It was very difficult to narrow down which books I wanted in the top five. Cassandra Clare’s second in the Infernal Devices series, Clockwork Prince, and Kate Morton’s The Secret Keeper had to be cut. To see a full list of what I read in this year’s challenge, feel free to browse here.
2012 was a mix of contemporary and dystopian young adult with Victorian gothic literature. I read my absolute favorite genre of all time and explored a new and booming genre with relish. Here are my top five books of 2012, in no particular order!
The Fault in Our Stars by John Green
The first and only novel by John Green written from the point of view of a teenage girl in the midst of heartbreaking cancer is full of life, wonder, and awe. The characters are charming and a joy to read, and as a previous Indianapolis resident I was so happy to watch all their adventures across my home city.
Between Shades of Gray by Ruta Sepetys
Every person on this planet needs to read this book. I convinced my mother to read it — and it sparked hours-long discussions on Soviet history, her old Latvian friends, and the state of the Baltics today. I convinced history buffs to read it — and they are discussing untouched topics with their history professors. I convinced a friend who never reads nonfiction or YA, and she was moved to tears. This book, true accounts of Soviet Russia’s mass slaughter of the Baltics during and after WWII wrapped up in a fictional character, is beyond words. It is a must-read.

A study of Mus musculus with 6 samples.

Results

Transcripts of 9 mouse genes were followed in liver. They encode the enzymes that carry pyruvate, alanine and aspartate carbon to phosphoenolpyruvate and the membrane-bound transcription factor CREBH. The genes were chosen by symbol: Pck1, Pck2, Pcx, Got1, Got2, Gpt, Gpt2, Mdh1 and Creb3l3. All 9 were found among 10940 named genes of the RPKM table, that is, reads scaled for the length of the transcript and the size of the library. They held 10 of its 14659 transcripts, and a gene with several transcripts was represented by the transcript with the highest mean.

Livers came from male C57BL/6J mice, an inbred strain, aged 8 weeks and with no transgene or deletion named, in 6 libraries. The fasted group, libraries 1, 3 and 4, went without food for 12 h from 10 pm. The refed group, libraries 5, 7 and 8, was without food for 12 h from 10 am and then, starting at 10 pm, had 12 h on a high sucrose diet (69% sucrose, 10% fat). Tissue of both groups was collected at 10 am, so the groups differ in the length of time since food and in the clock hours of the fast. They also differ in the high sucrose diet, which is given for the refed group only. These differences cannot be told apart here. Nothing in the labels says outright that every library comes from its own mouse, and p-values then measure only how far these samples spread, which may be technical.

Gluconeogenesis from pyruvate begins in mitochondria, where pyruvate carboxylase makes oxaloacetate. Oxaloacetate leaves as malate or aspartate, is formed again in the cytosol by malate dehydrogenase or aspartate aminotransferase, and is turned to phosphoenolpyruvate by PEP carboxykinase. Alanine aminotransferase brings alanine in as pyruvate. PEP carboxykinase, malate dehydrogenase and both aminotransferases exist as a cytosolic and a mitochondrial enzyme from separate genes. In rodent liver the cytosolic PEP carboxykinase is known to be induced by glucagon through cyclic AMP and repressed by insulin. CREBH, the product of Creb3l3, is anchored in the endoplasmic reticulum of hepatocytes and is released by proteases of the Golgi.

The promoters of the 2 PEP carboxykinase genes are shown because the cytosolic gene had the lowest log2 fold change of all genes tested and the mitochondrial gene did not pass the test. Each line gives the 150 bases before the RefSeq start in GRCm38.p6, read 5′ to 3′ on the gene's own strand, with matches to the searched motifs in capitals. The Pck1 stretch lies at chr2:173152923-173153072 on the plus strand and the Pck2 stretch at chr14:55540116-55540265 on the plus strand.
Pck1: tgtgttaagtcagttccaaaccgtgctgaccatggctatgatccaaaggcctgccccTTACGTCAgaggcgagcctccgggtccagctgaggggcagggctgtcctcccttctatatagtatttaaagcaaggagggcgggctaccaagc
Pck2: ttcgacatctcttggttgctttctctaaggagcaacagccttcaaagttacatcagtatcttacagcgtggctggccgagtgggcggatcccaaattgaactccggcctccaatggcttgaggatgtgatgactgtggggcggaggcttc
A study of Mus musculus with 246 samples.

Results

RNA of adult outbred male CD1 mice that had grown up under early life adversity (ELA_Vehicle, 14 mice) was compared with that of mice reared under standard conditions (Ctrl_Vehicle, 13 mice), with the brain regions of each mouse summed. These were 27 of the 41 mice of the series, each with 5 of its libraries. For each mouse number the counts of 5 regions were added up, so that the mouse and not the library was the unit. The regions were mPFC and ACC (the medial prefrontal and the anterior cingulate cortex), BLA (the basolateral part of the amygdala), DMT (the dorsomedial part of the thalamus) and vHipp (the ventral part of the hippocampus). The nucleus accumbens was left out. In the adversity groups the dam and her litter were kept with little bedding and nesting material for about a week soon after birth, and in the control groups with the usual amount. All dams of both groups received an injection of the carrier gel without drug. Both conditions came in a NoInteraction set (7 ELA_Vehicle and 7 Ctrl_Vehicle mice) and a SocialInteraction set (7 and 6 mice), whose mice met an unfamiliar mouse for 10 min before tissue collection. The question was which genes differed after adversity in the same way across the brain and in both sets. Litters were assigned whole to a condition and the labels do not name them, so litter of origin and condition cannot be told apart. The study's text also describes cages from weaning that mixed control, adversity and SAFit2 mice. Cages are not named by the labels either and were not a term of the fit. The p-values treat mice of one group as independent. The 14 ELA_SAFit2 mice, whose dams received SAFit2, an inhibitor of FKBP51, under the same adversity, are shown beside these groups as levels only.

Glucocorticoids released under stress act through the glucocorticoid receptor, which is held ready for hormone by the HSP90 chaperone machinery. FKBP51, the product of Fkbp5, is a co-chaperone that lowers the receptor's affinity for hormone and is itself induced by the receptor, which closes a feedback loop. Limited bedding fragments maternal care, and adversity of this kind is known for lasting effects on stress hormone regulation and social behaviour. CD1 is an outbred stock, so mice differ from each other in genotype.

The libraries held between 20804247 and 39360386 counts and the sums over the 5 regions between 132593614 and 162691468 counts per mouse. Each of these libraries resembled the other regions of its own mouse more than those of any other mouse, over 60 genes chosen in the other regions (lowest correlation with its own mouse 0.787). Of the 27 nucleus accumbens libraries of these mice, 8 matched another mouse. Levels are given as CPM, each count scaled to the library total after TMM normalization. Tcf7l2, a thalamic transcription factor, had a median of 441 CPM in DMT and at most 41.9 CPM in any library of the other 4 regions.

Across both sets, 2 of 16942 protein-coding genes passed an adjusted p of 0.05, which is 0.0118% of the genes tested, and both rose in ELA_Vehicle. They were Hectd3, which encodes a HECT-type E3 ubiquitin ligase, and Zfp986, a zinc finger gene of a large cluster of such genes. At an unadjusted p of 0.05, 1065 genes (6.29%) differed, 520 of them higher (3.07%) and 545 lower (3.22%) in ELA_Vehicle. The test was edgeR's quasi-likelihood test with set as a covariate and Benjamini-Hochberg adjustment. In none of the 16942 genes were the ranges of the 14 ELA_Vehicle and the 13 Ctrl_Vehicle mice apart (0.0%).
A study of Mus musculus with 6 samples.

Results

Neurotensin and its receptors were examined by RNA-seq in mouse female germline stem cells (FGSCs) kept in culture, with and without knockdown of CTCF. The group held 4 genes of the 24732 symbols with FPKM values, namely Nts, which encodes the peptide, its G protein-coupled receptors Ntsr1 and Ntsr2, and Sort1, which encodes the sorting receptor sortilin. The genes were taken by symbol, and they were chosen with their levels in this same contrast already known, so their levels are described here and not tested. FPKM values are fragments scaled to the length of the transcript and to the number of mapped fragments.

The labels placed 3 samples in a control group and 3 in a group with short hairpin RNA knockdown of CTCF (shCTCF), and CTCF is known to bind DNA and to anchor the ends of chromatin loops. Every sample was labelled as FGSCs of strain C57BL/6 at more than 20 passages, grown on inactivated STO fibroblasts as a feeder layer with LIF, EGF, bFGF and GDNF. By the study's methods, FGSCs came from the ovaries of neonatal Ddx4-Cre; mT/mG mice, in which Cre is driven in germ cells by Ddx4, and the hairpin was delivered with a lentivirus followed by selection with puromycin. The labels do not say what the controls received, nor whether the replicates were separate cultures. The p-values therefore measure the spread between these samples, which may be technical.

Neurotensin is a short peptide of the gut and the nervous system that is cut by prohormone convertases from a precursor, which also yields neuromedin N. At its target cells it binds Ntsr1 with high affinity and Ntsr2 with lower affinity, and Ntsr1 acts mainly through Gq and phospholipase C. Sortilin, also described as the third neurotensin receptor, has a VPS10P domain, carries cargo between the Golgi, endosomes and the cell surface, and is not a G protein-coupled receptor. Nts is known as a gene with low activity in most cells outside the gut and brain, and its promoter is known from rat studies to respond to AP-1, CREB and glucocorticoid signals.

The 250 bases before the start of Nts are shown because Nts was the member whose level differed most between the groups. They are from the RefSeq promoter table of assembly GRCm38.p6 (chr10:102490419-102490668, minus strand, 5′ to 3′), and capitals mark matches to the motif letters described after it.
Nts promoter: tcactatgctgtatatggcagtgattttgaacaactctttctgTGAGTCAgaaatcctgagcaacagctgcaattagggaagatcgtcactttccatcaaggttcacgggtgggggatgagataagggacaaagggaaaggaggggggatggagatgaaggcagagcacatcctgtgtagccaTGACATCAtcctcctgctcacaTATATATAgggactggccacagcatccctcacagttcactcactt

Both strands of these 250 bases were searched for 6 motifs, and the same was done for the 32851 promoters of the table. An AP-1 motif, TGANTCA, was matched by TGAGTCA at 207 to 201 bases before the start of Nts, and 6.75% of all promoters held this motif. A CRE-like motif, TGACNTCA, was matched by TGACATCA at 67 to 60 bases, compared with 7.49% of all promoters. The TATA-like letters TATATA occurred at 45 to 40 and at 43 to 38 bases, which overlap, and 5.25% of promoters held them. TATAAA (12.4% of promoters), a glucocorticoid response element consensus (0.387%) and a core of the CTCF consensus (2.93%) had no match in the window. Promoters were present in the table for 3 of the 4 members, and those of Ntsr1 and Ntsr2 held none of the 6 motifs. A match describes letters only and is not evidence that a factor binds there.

The Night Circus by Erin Morgenstern
Enchanting and riveting, this masterpiece is set in the late Victorian age as two magicians compete in a fierce challenge within a spell-binding circus. The characters, the setting, the dream-like qualities, and the love are so moving, you’ll never want to leave Le Cirque des Reves.
A Discovery of Witches by Deborah Harkness
Diana is supposed to be an American professor in Oxford, nothing more. But her magic draws attention to other creatures only heard about in myths, including the very predatory Matthew cannot seem to stay away. This is not the ordinary academic professor romance, nor are the witches and vampires sweet and kind. History, magic, alchemical texts, Oxford, Massachusetts, genetics, and chemistry merge together in this great, intelligent romance.
Delirium by Lauren Oliver
Hunger Games brought me back into the YA genre, and Delirium kept me in. I’m a hopeless romantic, so a story about forbidden love will always draw me in. However, Oliver does not make this dystopian cheesy or cheap. Love is forbidden because love is a disease. Love clouds judgement, causes unnecessary illness like fevers, sweat, lack of appetite. This concept is so beautifully written, and the characters so well-developed and intuitive, I could not put this down.